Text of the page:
Oasis, along with their Britpop rivals Blur and Pulp, defined the 1990s. Songs like ‘Don’t Look Back in Anger’ and ‘Wonderwall’ define my generation; I only have to hear a few chords and the memories come flooding back.
While the music may have lasted, the band didn’t; they became as famous for their feuds and sibling rivalry as they were for their surly, in-yer-face demeanour. Oasis broke up a good ten years ago, but Liam and Noel Gallagher have both pursued successful solo careers.
I saw Blur, Pulp and a number of other Britpop bands perform in their ’90s pomp, but never got the chance to see Oasis, which I regret – so I didn’t need any persuading to snap up tickets for Liam Gallagher’s O2 concert.
What an atmosphere. If I’m honest, it reminded me of being at a football match when the home team is losing and it feels as though events could turn on a knife edge; the banter remains only just on the right side of good-natured. As soon as the lights went down and Gallagher strutted on to the stage, full cups of beer and water were being hurled across the arena (if you’ve ever wondered why you’re not allowed to take bottles of liquid with lids on into The O2, this is why).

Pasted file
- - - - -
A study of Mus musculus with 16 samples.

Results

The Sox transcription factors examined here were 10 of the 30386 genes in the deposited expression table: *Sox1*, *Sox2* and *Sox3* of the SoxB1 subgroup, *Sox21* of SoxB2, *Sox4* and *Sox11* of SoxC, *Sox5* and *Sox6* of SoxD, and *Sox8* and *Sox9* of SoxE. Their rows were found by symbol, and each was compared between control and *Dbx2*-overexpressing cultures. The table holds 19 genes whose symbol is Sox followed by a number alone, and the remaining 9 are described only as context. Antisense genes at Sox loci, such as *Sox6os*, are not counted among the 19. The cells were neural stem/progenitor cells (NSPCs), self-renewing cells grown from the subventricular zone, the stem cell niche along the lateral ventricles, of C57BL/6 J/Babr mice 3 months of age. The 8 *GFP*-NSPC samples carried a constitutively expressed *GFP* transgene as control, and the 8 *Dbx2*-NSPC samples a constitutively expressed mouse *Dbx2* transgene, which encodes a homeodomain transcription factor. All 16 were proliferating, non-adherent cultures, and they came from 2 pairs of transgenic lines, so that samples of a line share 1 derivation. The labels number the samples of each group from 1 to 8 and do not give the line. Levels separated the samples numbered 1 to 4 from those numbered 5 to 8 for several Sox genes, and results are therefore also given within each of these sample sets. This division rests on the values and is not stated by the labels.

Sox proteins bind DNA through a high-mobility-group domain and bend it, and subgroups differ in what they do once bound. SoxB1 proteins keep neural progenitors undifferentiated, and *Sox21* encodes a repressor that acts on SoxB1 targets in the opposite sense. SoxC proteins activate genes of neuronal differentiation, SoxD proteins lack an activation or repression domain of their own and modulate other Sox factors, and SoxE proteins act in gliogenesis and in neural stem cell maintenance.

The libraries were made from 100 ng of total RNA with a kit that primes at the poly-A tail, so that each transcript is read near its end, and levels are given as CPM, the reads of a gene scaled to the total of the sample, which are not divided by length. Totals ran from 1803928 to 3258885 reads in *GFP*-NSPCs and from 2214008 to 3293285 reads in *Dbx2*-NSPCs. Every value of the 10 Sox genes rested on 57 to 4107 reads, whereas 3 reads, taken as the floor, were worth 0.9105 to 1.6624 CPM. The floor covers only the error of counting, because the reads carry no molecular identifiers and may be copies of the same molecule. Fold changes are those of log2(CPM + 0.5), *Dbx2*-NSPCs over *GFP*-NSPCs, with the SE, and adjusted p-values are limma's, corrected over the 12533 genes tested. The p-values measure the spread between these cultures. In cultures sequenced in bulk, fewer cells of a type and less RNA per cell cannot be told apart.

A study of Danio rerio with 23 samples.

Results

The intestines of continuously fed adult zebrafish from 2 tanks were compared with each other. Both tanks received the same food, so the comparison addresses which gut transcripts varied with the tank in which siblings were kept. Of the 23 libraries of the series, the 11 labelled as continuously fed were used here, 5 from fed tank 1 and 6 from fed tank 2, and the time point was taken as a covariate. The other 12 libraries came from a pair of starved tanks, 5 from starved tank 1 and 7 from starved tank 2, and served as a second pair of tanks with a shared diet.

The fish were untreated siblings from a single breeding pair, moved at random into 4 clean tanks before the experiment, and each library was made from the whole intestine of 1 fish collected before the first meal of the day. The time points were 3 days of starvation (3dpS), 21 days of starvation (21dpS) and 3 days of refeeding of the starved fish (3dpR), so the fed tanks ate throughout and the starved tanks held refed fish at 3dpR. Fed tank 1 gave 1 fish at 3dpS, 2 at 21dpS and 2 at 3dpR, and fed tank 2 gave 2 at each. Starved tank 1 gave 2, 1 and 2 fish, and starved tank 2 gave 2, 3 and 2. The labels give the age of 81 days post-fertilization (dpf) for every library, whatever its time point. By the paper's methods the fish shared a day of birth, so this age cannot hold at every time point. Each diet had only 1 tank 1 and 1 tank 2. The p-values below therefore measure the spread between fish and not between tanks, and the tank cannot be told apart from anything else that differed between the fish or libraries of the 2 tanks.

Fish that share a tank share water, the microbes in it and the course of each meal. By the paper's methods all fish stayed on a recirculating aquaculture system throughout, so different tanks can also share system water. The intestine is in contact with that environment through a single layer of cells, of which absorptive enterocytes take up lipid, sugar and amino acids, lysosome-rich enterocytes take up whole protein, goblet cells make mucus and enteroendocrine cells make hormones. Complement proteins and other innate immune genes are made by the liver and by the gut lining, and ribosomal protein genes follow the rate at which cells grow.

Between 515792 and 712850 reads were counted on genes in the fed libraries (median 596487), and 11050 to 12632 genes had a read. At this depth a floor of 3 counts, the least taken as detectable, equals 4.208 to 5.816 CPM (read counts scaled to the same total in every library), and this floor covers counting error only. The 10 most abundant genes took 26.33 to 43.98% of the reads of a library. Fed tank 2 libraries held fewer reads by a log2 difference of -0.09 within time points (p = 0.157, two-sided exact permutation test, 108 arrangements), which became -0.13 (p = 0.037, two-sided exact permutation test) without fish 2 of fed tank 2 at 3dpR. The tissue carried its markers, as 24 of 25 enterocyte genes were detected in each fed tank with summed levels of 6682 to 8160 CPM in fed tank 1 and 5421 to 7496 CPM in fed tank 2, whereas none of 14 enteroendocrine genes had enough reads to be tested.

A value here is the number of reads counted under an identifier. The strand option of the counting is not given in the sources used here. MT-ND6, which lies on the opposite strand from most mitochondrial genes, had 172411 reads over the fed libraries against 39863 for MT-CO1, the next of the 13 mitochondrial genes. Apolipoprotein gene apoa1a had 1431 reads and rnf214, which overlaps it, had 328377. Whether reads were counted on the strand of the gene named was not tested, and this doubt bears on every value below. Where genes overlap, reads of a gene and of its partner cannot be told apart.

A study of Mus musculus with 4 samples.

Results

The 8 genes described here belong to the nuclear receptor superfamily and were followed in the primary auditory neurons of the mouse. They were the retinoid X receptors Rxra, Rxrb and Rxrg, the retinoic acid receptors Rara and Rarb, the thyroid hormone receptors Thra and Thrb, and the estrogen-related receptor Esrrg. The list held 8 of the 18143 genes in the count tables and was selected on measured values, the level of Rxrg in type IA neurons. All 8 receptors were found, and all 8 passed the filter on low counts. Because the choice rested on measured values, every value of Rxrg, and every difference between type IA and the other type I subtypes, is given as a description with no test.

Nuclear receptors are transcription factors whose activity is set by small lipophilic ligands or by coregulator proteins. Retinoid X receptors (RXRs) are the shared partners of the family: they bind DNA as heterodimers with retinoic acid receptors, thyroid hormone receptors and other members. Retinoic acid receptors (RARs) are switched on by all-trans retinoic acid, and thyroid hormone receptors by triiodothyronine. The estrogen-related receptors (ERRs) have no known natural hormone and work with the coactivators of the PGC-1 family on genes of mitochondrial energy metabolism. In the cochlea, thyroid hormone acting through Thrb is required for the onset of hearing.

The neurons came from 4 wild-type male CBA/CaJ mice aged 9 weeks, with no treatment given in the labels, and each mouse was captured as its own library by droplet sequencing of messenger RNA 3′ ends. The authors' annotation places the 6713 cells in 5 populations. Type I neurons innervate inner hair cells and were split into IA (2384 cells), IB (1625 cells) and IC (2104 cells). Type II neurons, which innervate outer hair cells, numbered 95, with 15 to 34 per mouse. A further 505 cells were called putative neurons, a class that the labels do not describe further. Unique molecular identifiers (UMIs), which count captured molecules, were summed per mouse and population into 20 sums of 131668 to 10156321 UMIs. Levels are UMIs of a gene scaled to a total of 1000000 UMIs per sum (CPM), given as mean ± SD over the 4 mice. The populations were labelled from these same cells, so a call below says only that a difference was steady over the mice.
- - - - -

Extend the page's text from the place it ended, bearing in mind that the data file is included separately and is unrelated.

With a “Yes, London!” Liam launched straight into ‘Rock ‘n’ Roll Star’, followed by ‘Halo’. He was his usual scowling self, alternately slouching and swaggering around the stage. As for the set, it was a great mix of old and new, tracks from Gallagher’s solo albums ‘As You Were’ and ‘Why Me? Why Not’ interspersed with classic Oasis tracks (although none of my favourites, alas).
There was a touching moment when Gallagher’s eighteen-year-old son, Gene, joined him on stage to play drums on ‘Down by the River’ (and a collective gulp from the audience, wondering where the years have gone. Oh God. We are all getting old).
The set ended, of course, with ‘Wonderwall’ – what else? – following which we were treated to not one, but two Oasis-themed encores, leaving us all very happy indeed. Good music – and good times.